22 November 2017

Today the chancellor has announced that £44bn will be used to build 300,000 new homes every year by the mid-2020s. As someone who has worked in the field of housing and homelessness for twenty-five years I welcome this commitment. There is no doubt that the government’s own figures show that homelessness and rough sleeping have increased year-on-year since 2010 having decreased year-on-year for the seven years prior to that. Something clearly had to be done and the government has now committed to ensuring that it is.

But it is important to realise that building 300,000 new homes every year will not, of itself, solve the housing crisis.

The first point to make is that we are already creating 200,000 new homes each year, which is a substantial amount. The problem is that they are often not the right kind of homes, and they are also not always in the right places. The government needs to make sure that the additional new homes that are to be created in future address these issues.

Fundamentally, the problem is that there is not a sufficient supply of secure rented homes that are affordable for people on average or below-average incomes. Last year’s Redfern Review on the housing crisis came to the surprising conclusion that building more homes will have little impact on the owner occupied sector in most areas of the country. The real shortage of supply is in affordable homes for rent. The well-publicised problems in the private rented sector (PRS) are only occurring because people who should really be in social housing are being forced to try and access the PRS because of the lack of social housing. The number of people in social housing as a proportion of the population has halved over recent decades, not because people don’t want or need it, but because it has been sold off so they can’t access it. So the additional new homes that are to be built need to built and let by housing associations and local councils.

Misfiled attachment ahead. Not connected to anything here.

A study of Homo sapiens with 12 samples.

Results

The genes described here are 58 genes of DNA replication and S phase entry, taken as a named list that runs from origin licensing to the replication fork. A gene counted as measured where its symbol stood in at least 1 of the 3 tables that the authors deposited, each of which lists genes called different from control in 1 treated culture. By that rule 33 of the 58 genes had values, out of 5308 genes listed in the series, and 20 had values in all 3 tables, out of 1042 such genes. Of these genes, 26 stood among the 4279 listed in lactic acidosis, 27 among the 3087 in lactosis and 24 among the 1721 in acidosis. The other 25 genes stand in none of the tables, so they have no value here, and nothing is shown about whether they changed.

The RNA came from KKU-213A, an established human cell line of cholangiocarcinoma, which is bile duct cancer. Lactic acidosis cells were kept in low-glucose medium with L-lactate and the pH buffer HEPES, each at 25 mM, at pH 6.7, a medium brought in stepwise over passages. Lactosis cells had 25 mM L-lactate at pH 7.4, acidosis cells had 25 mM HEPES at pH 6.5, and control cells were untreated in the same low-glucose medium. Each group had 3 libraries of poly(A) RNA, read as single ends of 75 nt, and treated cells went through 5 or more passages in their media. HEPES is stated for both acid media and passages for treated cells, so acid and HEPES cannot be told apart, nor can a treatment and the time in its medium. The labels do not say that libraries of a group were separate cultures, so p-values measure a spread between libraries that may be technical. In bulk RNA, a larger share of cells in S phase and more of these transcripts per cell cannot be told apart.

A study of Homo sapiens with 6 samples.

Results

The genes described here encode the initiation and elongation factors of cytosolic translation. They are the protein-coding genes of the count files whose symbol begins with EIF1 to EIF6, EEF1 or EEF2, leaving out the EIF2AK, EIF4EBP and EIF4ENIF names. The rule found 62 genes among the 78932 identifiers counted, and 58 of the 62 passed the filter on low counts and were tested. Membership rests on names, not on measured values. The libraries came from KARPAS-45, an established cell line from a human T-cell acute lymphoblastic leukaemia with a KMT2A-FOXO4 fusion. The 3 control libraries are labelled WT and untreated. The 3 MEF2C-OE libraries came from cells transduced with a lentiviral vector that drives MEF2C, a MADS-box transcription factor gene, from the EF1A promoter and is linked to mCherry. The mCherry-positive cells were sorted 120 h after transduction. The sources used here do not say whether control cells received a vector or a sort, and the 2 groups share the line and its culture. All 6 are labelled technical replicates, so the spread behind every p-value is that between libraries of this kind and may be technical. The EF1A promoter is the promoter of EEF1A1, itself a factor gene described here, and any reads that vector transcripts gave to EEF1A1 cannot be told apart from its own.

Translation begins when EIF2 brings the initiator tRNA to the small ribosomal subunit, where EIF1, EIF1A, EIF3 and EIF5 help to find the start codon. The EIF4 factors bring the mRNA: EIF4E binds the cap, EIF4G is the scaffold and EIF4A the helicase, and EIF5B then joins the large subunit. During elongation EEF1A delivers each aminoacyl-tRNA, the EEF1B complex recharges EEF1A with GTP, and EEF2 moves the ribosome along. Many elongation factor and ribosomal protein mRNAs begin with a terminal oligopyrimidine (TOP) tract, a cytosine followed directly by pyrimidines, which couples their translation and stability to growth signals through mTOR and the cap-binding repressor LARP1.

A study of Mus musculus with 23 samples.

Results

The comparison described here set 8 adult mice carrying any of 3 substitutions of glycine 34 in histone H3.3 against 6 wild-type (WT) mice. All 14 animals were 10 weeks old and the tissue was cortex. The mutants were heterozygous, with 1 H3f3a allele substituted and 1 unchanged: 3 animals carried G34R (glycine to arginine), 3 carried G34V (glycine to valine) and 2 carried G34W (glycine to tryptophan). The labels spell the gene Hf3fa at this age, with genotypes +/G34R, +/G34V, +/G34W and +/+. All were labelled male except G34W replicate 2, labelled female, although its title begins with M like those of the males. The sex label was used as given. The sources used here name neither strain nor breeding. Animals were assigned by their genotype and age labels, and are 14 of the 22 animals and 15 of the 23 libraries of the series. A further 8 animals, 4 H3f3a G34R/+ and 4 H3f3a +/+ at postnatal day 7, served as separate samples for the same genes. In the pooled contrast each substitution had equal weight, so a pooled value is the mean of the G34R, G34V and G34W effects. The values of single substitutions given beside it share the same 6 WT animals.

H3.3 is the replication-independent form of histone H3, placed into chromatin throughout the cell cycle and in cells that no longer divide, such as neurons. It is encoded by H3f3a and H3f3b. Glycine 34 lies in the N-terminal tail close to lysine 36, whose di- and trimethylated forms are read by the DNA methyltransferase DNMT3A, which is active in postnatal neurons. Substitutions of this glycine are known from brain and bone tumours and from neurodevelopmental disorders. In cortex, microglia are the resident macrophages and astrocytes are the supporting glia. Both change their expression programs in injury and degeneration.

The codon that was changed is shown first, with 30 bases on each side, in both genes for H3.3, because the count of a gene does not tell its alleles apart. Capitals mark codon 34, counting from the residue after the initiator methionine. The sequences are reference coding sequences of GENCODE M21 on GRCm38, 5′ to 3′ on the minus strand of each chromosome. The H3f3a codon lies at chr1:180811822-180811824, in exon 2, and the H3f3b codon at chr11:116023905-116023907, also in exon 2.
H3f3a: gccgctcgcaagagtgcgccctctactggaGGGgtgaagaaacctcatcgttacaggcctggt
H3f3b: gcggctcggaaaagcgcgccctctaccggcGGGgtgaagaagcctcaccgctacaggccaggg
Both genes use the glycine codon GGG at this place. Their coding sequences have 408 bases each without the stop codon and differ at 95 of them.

But the second point to be made is that the housing crisis is not a uniform national phenomenon. In places such as Liverpool and Stoke on Trent councils are selling off homes for as little as £1 in an attempt to re-fill whole streets and neighbourhoods that have been emptied. Why? Because the population is slowly being concentrated inside the M25 ring. In the last two decades the number of jobs in London has increased by a whopping 40%. Unfortunately the number of homes in London has increased by only15%. One of the reasons for this is because a shortage of space – economically viable development land is at a premium. Despite this, the number of people living in London has increased by 25%. Whilst some of those people are coming from abroad, many are coming from the UK regions in pursuit of the best job and career opportunities. The provinces meanwhile are gradually being emptied. The population of Liverpool nearly halved between 1914 and 2014 – and there were dramatic declines in other regional cities such as Glasgow too.

The point here is that land inside the M25 is a finite resource. There is a lot more of it available in other parts of the country – parts where they are desperate to welcome new people and reverse decades of population flight. But you cannot build homes there if there are no jobs there. So allied to the Chancellor’s housebuilding drive, we also need to see a real and meaningful commitment to regionalisation. We need to see the government actively encourage investment in and job transference to the regions. There is land available for development and people who would want to live there if they knew that good jobs would be available there – as they used to be.

Simply building more homes will not solve the housing crisis if they are all built in and around London. That will simply exacerbate the long-term problem and lead to further overheating of the London housing market.

The Chancellor’s announcement therefore, is a good start, but it needs to be backed up by strategies that disperse, rather than concentrate, housing demand.

Alan Fraser
 is chief executive of YMCA Birmingham.